April 15, 2020 by Haya Aldoori

Welcome to Word of the Week! Stay tuned for a new word each Friday to amp up your nature vocabulary!

Photo by Toronto Botanical Garden

Burl [burl] (noun): An abnormal rounded knotty growth on the exterior of a tree.

Beauty can always be found in the abnormal and a perfect example of this in nature is the tree burl! Often found on tree trunks, branches, and at the root crown, burls have a way of making you stop in your tracks and admire them.

A burl will form when bud growth cells develop in an abnormal way. As these dormant cells start dividing in many directions, they end up creating a rounded shape rather than forming the tree limb, which they originally had intended to grow.

The bark on the burl begins to look more coarse than the rest of the tree, and inside, the grain is twisted and more compact, which results in the production of a harder wood. Every once in a while, a dormant bud will become active, and you’ll notice a sprout from the burl itself!

The tree undergoing some form of stress is understood to be what stimulates the abnormal development of the bud growth cells. Some of these stressors might include bacteria, fungi, viruses, mechanical wounds, fire damage or a combination of factors.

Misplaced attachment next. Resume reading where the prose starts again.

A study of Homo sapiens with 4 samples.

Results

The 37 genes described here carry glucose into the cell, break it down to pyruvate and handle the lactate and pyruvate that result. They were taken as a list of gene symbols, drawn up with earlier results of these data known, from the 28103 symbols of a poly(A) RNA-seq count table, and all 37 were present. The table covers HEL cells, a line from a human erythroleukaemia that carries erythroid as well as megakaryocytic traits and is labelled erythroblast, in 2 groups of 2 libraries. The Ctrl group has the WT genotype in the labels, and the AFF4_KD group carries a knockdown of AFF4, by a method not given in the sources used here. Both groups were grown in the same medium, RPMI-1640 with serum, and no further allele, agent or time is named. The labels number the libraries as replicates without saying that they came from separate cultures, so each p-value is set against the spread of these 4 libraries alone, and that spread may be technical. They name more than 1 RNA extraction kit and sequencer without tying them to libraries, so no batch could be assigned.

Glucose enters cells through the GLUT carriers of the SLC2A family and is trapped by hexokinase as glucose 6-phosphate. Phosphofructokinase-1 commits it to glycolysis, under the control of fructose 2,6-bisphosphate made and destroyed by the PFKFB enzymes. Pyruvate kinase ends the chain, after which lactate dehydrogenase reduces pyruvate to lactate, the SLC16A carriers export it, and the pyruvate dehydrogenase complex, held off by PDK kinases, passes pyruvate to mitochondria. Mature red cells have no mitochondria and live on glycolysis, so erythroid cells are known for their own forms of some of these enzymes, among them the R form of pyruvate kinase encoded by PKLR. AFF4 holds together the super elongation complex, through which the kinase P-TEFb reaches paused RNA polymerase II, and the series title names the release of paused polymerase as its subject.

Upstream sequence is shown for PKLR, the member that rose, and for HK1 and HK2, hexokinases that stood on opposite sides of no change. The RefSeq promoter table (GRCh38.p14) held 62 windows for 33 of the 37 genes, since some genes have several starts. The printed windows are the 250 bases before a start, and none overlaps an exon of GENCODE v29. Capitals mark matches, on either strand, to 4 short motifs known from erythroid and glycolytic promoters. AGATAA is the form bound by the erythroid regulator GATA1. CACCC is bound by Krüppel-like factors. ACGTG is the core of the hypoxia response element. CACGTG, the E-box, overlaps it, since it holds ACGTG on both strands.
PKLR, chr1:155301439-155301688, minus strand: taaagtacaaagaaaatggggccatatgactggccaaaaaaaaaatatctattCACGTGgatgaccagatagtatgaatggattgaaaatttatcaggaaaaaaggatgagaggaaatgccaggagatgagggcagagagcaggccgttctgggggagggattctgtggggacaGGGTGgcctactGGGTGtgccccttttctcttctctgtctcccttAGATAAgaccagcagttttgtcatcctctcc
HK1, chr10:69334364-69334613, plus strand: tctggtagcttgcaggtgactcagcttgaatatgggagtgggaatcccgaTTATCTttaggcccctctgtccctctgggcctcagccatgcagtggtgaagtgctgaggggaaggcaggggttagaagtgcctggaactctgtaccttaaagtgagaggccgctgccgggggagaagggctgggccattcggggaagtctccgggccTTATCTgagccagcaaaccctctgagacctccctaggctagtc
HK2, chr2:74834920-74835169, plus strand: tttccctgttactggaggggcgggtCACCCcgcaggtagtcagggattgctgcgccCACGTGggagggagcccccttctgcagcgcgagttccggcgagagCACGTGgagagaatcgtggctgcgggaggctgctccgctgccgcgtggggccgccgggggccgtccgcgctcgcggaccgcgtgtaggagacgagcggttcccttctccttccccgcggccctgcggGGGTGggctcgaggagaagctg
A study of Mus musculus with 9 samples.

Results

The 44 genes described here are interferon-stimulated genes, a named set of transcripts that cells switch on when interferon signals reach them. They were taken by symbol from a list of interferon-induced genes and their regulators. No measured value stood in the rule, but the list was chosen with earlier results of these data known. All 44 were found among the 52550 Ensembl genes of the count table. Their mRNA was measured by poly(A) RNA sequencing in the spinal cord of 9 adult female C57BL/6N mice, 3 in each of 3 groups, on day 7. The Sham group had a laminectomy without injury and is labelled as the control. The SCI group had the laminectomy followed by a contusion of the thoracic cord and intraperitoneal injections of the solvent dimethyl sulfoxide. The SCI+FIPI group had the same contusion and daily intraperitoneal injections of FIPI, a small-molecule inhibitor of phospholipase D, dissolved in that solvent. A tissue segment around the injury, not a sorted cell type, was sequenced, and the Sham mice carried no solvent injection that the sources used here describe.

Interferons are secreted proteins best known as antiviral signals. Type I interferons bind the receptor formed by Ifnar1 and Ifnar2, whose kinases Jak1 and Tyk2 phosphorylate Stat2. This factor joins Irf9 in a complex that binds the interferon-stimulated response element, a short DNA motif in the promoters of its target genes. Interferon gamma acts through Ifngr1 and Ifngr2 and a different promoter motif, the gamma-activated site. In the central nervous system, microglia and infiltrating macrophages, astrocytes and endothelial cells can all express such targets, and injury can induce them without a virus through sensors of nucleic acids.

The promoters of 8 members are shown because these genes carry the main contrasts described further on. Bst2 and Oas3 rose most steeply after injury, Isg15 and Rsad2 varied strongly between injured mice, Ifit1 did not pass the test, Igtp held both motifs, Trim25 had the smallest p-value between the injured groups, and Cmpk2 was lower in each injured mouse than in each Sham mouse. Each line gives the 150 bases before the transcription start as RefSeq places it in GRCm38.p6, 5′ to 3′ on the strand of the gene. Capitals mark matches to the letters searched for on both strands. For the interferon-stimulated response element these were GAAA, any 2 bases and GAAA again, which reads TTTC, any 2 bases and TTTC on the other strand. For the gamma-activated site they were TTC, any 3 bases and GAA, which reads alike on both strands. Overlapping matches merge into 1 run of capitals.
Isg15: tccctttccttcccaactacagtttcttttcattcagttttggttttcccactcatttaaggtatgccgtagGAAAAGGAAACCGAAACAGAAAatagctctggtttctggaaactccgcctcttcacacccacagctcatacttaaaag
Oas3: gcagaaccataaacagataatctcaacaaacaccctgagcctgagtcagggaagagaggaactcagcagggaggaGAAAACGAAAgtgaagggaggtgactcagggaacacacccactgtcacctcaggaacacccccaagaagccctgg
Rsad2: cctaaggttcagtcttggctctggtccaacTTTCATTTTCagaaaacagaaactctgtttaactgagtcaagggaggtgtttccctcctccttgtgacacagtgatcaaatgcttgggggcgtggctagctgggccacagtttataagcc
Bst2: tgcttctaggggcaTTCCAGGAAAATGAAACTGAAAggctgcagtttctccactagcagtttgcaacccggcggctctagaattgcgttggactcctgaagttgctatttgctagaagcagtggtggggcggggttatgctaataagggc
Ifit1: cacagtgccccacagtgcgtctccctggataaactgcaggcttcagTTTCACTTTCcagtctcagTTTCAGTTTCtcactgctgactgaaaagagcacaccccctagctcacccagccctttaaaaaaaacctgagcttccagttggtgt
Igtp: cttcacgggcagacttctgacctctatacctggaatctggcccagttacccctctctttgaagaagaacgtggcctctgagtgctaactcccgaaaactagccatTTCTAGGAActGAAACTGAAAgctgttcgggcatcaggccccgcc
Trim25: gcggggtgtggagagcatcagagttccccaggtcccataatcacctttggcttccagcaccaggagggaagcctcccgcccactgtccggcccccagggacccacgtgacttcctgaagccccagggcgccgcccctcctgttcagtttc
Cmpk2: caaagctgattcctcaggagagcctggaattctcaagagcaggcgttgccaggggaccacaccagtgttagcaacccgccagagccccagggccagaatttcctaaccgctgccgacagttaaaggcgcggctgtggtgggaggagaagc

You might be pleased to learn that, although a stressor is what stimulated this abnormal growth, a tree that has formed burls is not living in a harmed way and as such, removing the burl is not something that is necessary. In fact, trying to remove the burl can, more often that not, be more harmful than helpful to the tree!

It is important to note that a burl is quite different from a gall! Galls form along twigs and leaves, while burls develop on trunks, major branches, and at the root crown. Since burls are a part of the tree itself, the growth of the burl will occur at the same rate as the tree. Galls will kind of just grow at their own pace.

In High Park, we often notice burls that have formed on the willow trees that live by the waters.

Keep an eye out for tree burls on your next visit to High Park!